Cornflowers

I’ve always loved corners. It is inconspicuous and silent and there is tenderness in it.

You may have noticed this and this may precisely explain how we both ended up in this wooden cafe. The rain drizzled and pelted and I noticed your side glances. You wanted to tell me something, I’m aware, but I do not want to initiate the conversation. Somehow, I feel safe and warm in not knowing how things stand between you and I, in days that should not have been but, well, have been.

Wild orchids, you told me, are ethereal. It blooms for approximately six weeks, gracing this Earth – no matter how wicked and whimsical – with its elegant symmetry. It rivals asphodels, you said, and if planted in the underworld, all sunken places in the nether regions would sunk no more.

You moved close and stretched your arm until, one second after the other, it rested on my shoulder. I let my head fall on your chest and listened to that metrical batter that makes this life bearable. You held me close and, at that moment, I was confident that all my pieces – even the most broken ones – would remain intact.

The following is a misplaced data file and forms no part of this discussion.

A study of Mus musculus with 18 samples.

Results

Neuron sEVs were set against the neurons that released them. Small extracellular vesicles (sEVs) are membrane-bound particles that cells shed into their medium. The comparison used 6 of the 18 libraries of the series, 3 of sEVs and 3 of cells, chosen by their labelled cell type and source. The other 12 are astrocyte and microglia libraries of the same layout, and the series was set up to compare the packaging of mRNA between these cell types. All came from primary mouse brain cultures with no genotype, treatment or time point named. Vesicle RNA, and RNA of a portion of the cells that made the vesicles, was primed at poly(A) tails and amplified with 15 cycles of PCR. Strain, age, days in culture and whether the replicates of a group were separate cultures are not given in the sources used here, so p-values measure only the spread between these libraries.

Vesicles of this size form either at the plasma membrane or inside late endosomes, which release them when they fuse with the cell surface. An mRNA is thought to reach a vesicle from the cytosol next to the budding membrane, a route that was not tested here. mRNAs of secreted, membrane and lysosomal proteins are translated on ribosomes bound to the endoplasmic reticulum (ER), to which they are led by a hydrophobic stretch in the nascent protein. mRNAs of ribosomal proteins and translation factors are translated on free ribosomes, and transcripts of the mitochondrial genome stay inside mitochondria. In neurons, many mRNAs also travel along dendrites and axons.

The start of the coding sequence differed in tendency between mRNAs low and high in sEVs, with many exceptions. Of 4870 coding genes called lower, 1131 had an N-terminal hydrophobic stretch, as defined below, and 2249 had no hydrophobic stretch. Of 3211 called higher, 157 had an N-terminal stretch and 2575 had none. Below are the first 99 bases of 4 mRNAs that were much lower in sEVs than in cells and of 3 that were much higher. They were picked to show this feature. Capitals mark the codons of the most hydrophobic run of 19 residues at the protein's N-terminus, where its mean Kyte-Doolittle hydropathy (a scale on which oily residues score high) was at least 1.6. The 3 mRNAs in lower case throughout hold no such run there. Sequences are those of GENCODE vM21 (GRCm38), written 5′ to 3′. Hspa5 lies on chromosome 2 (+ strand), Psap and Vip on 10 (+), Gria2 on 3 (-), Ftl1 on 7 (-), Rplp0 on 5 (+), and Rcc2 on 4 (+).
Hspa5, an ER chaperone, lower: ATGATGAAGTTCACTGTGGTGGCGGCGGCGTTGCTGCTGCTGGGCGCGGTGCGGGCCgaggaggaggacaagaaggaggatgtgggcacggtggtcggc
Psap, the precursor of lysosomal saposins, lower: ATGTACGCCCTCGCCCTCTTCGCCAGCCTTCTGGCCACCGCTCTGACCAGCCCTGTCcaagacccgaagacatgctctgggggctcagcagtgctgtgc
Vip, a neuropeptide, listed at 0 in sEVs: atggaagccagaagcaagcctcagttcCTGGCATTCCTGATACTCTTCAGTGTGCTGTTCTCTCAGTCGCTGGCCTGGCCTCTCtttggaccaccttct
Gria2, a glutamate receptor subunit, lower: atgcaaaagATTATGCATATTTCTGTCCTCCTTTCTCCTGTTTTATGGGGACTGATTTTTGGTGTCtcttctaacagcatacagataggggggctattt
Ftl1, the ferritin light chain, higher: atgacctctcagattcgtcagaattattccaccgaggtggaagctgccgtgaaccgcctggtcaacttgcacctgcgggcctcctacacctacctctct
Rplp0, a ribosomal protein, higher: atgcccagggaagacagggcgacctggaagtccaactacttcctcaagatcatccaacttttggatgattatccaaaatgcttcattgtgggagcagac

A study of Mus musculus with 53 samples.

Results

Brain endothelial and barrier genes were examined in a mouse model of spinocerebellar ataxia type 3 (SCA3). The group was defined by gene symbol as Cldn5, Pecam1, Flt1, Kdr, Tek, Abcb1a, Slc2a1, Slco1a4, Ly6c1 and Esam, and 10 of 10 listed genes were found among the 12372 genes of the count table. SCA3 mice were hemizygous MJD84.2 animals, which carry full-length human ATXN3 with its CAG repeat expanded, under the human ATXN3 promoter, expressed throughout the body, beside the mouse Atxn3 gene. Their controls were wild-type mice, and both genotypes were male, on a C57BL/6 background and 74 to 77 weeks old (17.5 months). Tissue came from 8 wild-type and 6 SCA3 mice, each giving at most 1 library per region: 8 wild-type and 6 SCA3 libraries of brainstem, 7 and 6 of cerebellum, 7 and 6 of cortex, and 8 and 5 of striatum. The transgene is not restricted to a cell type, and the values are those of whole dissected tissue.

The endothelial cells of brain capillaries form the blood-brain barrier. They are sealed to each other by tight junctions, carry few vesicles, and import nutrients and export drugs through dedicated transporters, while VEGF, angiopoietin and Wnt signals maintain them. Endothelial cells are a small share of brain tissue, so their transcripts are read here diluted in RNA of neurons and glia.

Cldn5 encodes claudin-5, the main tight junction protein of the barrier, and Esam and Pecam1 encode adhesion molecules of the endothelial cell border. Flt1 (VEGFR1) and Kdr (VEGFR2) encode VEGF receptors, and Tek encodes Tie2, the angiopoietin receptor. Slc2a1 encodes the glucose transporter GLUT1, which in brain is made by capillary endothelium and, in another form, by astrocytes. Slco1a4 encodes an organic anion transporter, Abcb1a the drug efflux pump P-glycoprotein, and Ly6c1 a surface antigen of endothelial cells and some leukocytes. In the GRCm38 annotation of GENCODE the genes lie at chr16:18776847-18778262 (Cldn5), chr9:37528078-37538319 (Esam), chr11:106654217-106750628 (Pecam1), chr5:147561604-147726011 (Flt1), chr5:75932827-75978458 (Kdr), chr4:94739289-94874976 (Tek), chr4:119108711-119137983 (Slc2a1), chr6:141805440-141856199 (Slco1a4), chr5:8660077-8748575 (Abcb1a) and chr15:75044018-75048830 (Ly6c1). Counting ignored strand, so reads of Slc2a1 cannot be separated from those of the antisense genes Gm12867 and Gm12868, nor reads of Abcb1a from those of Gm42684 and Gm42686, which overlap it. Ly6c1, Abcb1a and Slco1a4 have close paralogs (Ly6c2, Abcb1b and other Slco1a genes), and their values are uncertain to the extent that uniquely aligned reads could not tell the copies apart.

I drew a deep breath and told you, casually, that the Turkish word for rain is yağmur. You looked out the window and, in your low, husky voice, whispered: “Yaah-moore.”

Poetic, isn’t it? I asked. Yağmur. Yaaah-moore.

You agreed, and you may be right but in that corner in the wooden cafe, in the span we were together, you outlasted all the rains and good writings and, to me, became the sestina of everything that dances and dazzles.